Congressman Greg Walden

Representing the 2nd District of Oregon

Greg Walden Talks Robocalls, Border Crisis, Wildfire Prevention

August 1, 2019
Press Release
Speaks on KEX's The Mark Mason Show

Click here or on the photo above to listen to Rep. Walden's full interview.

 

Representative Greg Walden (R-Hood River) recently spoke on KEX's The Mark Mason Show about his efforts to stop illegal robocalls, his recent trip to the southern border, and wildfire prevention.

Walden started out by speaking with Mark about the need to put an end to annoying robocalls.

"So, here’s a number for you: 47.8 billion," said Walden. "Here’s another number: in the 541-area code, which of course I care most about in Oregon, 11.5 million calls in June; all illegal robocalls."

He then explained that the Stopping Bad Robocalls Act, which passed the House in July, would tell phone companies to use their caller authentication ability to authenticate the numbers and block them if they aren't real. The phone companies would do this at no cost to the consumer while also allowing the consumer to opt out of the service should they choose.

Walden went on to discuss the dangers of illegal robocalls,"We had testimony from a cancer center in Florida that had gotten spoofed, where someone was using their number, and calling patients and doctors. And you can imagine Mark, if you’re in treatment, you’re going to take that call, you’re going to believe it’s the cancer center in Florida. And you’re going to give them whatever they need, your social security number, your credit card number, whatever it is, right? They were interfering with the doctors’ daily routines and they were scamming patients. And so were going after them, were going to shut them down, and this legislation will go a long way toward achieving that."

When asked about the humanitarian crisis at the border, Walden spoke about his efforts to combat the problem.

"I supported the funding to deal with the humanitarian crisis to provide for medical assistance, food, shelter -- especially for these unaccompanied minors and families. We’ve had an enormous surge. In about 8 years in the early 2000s we'd have between 5,000 and 8,000 unaccompanied minors per year across the border. We're now approaching 60,000 unaccompanied minors this year alone, Mark."

He went on to discuss his recent trip to the southern border and how he visited one of the newer facilities in Texas that was built to help handle the influx of people.

"Our facilities were never built to handle this kind of influx. We ramped up with temporary facilities, that’s what I visited in Texas. They had 206 kids when I was there. They all had their own bunks, they had a 1 to 12 ratio of staff to kids, they had full medical services, 3 square meals a day, plus access to snacks anytime."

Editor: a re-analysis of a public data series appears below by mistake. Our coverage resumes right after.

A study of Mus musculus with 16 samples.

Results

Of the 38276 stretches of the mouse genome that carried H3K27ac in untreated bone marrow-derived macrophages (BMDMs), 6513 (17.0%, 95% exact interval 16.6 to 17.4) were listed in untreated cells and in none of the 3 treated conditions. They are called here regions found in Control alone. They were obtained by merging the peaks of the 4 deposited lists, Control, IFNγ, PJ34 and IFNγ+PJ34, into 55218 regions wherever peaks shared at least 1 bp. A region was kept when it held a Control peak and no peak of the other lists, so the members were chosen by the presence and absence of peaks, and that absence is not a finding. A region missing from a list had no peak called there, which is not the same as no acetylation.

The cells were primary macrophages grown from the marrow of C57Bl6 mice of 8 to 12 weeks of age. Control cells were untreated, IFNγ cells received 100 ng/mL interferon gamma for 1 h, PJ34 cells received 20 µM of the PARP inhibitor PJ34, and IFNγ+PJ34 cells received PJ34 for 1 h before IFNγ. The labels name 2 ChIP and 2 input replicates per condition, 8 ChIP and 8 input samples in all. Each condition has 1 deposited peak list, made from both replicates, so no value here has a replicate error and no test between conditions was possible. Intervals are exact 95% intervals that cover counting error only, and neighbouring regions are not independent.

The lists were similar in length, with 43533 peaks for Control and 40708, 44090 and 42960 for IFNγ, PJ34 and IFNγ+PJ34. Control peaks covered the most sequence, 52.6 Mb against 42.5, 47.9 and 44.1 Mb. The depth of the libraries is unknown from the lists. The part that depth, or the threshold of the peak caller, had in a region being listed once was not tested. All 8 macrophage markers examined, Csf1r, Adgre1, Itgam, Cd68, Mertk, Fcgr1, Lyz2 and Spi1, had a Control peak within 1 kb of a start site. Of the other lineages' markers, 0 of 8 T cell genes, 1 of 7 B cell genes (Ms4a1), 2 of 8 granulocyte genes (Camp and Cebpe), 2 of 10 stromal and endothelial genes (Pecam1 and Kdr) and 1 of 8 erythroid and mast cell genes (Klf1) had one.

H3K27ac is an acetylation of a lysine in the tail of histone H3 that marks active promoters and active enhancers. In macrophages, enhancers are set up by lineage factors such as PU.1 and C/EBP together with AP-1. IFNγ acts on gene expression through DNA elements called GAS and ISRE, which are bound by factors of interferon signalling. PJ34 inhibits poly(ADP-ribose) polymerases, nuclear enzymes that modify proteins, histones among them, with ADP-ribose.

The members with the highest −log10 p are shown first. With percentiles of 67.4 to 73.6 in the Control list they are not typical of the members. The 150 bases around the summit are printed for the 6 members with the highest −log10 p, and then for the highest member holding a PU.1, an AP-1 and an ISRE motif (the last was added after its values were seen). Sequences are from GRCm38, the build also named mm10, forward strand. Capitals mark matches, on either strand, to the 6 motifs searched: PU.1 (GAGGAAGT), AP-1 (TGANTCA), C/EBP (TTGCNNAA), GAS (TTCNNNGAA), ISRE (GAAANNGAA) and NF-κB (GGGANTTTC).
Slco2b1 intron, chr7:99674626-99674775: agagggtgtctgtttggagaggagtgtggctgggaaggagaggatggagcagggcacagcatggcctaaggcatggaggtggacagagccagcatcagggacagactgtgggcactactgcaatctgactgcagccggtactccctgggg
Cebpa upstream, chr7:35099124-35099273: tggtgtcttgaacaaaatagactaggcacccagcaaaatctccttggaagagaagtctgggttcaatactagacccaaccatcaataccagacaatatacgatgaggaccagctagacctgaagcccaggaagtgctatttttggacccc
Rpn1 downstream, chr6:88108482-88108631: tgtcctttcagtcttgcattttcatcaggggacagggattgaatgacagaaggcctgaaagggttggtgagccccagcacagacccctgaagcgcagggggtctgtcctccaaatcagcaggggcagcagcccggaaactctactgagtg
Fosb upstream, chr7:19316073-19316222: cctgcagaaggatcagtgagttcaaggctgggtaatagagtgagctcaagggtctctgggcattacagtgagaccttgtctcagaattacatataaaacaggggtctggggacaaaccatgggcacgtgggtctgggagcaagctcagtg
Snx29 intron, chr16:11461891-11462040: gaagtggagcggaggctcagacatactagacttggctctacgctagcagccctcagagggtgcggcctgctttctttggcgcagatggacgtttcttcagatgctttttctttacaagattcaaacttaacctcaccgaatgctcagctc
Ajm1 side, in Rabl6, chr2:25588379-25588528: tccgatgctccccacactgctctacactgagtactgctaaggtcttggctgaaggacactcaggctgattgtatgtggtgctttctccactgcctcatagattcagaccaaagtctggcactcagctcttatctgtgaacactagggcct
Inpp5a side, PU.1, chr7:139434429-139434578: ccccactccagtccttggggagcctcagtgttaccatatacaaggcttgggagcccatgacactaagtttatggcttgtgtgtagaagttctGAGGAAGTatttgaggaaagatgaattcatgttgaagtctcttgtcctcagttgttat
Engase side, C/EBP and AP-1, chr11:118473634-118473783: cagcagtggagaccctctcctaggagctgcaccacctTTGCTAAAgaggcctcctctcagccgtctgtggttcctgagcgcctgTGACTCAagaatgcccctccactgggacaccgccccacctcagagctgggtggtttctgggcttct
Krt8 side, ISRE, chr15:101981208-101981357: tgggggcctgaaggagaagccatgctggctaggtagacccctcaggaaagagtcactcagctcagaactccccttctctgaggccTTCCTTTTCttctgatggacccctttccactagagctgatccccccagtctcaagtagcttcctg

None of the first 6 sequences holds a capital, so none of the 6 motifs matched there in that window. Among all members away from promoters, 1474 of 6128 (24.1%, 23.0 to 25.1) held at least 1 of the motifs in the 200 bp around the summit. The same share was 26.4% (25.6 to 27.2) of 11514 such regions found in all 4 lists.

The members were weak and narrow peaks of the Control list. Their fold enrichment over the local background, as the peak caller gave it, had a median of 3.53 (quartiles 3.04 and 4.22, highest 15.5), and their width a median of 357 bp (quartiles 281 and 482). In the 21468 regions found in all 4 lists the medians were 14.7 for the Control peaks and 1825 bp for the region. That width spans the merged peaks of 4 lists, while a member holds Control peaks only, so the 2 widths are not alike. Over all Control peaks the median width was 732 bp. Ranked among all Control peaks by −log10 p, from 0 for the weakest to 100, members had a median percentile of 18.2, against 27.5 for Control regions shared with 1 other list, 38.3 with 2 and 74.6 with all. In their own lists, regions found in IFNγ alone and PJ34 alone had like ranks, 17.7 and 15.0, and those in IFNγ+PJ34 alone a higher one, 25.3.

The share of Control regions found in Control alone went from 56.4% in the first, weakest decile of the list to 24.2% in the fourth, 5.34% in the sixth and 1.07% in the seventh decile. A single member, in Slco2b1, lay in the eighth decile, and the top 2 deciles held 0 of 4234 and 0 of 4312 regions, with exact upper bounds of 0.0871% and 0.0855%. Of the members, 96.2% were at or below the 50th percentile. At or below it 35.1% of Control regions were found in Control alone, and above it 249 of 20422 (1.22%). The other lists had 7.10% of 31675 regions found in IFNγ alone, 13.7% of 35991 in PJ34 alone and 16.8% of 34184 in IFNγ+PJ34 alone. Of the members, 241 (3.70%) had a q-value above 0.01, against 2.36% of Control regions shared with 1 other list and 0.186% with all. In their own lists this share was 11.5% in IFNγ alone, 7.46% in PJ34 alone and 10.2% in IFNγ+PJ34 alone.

Walden also spoke about wildfire season and the critical need to take action.

"These fires have become an enormous business, they are enormously expensive to taxpayers, they are deadly to people, and we shouldn’t have the worst air quality short of Beijing, literally, every summer.”

He then discussed what can be done to prevent these fires. First, he highlighted the need for partnership between local fire officials and the Office of Bureau of Land Management (BLM) and Forest Service.

Walden went on, "Second, we did pass some legislation in the Farm Bill that’s given our Forest Service and BLM new tools to manage the forests, but third we need to pass the forest resiliency bill (the Resilient Federal Forest Act) which would allow us to go in after the fires, clean up the mess, plant a new forest quicker."

He continued, "I really believe that it works well in private land, county land, state land, we go in quickly, tribal land, and cut the burned dead trees where appropriate, while they still have value, and then you replant. On federal forest land, it is just not happening. Roadside clear, hazard trees get taken out and then virtually the rest is left standing until it falls and then it burns again in the next fire and destroys the soils even more. So, there is more work, legislatively, I think we need to do, but we are making some progress.”

You can listen to the full interview here.